By Adam Rosario

From a global pandemic threatening everything we knew as normal, to civil unrest based on race, sexuality and belief, 2020 will go down as one of the hardest years in human history. Throughout these trying times, the music industry has been one of the hardest hit – with bands unable to tour, their main source of income has vanished. Some bands have folded as a result, whilst others have hit new heights of creativity. For Fever 333, these challenging times are what they are all about.

In the wake of the tragic death of George Floyd, Jason Aalon Butler joined the marches and protests for 13 days. On the 14th day, Butler started to write this EP, the third official collection of tracks for this band. Taking inspiration from all of the social injustice happening around the world every day, Butler channels his rage and gives one of the most passionate vocal performances of the year. 

Opening with the venomous ‘Bite Back’, Butler spits his lyrics with precision, demonstrating his innate ability to ride any rhythm or beat put in front of him. As the chorus picks up the distortion, Stephen Harrison down tunes his guitar, playing an almost industrial level riff, whilst Aric Improta pummels his drums with fury. There’s always been more than a hint of Rage Against The Machine influence in Fever’s music, but it’s increased tenfold here, both musically and lyrically. This is a band who are not afraid to speak their minds. 

‘Block Is On Fire’ comes straight out of the 90s hip-hop playbook, with Butler slinking his way through his delivery. With one of the simplest choruses and an incredibly catchy guitar riff from Harrison, this is a song that will find its way into many people’s heads. The title track ‘Wrong Generation’ continues the hip-hop sound, with percussion led beats punctured by Harrison’s buzzsawing guitar. Then there’s the mosh call of “you fucked with the wrong generation”, before we’re launched into an explosive breakdown – when live music returns, this will be one of the standout moments of this band’s live sets.

‘You Wanted A Fight’ heavily references the death of George Floyd, including references to taking the knee and the famous “I can’t breathe” quote. There’s an almost britpop riff that drives the track, with Butler sounding at his most visceral. When the band want to, they can be a great punk band, as evidenced on ‘For The Record’, a song Anti-Flag would have been proud to have written.  Fever 333 are proving to one of the most adaptable bands today, showcasing the ability to be a hip-hop oriented band, a noisy punk band or, most impressively, melding both together and making it work with ease. The beautifully written ‘The Last Time’ features Butler on a piano, double recording his vocals and layering them into one of the most affecting songs he has ever put his name to. This EP easily presents Jason Aalon Butler as one of the most distinctive singers in the scene today, being able to rap, scream, bellow and croon all at will.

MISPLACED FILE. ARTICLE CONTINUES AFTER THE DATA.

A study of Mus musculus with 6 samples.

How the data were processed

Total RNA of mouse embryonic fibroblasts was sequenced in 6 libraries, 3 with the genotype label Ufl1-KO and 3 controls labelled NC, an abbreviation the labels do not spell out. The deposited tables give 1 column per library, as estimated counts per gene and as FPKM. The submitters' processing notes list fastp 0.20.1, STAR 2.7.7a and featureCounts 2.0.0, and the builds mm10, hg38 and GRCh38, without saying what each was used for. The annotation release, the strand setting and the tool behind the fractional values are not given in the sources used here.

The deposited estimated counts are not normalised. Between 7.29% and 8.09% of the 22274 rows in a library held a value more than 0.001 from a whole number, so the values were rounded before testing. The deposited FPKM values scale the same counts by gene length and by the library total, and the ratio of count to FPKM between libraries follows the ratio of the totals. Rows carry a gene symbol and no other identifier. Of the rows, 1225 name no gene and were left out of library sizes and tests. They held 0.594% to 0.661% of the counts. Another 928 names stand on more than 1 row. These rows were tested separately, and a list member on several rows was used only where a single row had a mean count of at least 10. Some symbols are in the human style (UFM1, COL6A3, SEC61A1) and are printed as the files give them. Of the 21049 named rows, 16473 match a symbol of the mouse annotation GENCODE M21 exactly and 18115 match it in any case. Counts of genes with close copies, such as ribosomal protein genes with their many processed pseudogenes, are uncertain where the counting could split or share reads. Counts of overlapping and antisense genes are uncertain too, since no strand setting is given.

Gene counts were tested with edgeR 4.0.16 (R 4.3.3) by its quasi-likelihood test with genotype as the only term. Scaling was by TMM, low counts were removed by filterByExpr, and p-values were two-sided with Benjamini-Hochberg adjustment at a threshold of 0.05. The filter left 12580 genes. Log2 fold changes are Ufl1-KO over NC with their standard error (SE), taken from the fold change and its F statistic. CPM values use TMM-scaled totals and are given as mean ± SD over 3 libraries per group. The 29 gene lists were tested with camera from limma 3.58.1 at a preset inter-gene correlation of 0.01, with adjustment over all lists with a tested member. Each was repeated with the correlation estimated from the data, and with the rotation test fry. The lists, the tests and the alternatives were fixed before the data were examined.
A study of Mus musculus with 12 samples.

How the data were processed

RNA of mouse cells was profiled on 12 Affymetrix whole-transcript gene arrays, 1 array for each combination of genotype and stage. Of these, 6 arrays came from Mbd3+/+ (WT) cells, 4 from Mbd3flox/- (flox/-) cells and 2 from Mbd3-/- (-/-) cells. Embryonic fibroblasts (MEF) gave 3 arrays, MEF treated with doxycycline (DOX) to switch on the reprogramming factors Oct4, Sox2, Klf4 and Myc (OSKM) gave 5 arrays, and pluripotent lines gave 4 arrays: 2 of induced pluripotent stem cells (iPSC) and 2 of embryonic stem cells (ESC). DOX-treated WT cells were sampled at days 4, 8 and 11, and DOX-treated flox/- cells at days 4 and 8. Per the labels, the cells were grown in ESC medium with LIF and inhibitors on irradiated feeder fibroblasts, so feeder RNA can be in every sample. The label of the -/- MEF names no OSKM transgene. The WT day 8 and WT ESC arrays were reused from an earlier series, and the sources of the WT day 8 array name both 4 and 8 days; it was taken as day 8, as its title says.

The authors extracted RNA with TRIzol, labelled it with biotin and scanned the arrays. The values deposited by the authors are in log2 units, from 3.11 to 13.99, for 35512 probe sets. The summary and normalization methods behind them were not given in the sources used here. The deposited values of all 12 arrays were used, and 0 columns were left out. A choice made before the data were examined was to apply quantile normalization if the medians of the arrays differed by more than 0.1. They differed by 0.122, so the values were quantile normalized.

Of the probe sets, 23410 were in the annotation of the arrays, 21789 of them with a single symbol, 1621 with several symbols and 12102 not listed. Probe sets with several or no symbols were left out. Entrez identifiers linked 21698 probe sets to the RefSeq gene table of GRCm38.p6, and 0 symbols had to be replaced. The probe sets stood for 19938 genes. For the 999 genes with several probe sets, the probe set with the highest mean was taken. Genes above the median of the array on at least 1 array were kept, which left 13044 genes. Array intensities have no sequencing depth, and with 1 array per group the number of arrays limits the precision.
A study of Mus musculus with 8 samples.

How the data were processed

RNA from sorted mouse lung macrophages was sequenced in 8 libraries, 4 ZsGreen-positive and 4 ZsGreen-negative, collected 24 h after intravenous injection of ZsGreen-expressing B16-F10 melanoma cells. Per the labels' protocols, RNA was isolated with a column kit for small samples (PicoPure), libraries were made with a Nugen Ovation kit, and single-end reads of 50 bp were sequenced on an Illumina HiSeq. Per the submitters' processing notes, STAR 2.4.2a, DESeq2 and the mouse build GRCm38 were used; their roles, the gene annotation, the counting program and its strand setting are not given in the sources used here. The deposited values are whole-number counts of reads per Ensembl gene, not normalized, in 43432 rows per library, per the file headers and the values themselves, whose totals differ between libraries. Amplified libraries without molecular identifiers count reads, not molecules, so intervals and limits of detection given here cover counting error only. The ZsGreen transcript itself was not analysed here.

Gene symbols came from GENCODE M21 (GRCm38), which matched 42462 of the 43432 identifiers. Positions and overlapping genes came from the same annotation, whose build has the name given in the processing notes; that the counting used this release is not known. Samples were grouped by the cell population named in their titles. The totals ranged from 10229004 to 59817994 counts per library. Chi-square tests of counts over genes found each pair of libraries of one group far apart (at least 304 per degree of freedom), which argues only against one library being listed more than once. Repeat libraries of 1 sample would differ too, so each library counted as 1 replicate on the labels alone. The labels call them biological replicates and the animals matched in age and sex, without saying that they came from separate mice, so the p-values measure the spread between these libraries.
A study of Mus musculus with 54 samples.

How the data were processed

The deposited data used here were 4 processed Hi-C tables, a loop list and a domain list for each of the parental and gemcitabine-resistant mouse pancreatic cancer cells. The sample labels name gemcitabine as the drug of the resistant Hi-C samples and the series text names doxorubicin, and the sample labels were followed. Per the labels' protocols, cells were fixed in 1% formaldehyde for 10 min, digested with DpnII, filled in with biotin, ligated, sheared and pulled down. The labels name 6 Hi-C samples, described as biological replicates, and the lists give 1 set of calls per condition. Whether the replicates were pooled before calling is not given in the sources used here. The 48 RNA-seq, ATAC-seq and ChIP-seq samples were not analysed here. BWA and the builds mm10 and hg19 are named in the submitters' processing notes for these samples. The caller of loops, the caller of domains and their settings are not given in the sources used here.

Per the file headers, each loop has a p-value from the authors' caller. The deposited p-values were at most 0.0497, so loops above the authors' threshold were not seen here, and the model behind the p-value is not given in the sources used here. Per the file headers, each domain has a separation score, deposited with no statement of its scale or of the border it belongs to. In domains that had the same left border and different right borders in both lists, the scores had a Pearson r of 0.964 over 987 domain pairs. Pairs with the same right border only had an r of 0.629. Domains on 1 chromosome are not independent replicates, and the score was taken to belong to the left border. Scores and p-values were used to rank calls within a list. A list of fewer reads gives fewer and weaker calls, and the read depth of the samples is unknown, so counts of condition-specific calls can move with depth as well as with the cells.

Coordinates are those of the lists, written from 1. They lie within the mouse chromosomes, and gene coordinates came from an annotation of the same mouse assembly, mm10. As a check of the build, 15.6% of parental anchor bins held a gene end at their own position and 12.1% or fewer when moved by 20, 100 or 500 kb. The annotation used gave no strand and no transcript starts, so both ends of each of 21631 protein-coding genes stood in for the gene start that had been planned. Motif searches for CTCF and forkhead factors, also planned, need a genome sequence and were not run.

‘Wrong Generation’ ends with the single ‘Supremacy’ which will surely be a live staple for a long time. Butler delivers his lines like a young Eminem, including some harmonies to boot. This song is the obvious choice for a first single and ends the EP on a high.

Overall, Fever 333 have taken inspiration from something horrific and created a masterpiece. Through eight songs, totalling 18 minutes and 31 seconds, this musical experience is a journey through the mind of a group who want to see change in the world. On the day ‘Wrong Generation’ is released, the band will be performing a series of live streamed gigs, aiming to provide a safe space and connection for those looking for interaction at a time where connections are at a minimum. Practising what they preach, Fever 333 are fighting the good fight, being the voice of the voiceless. Long may it continue.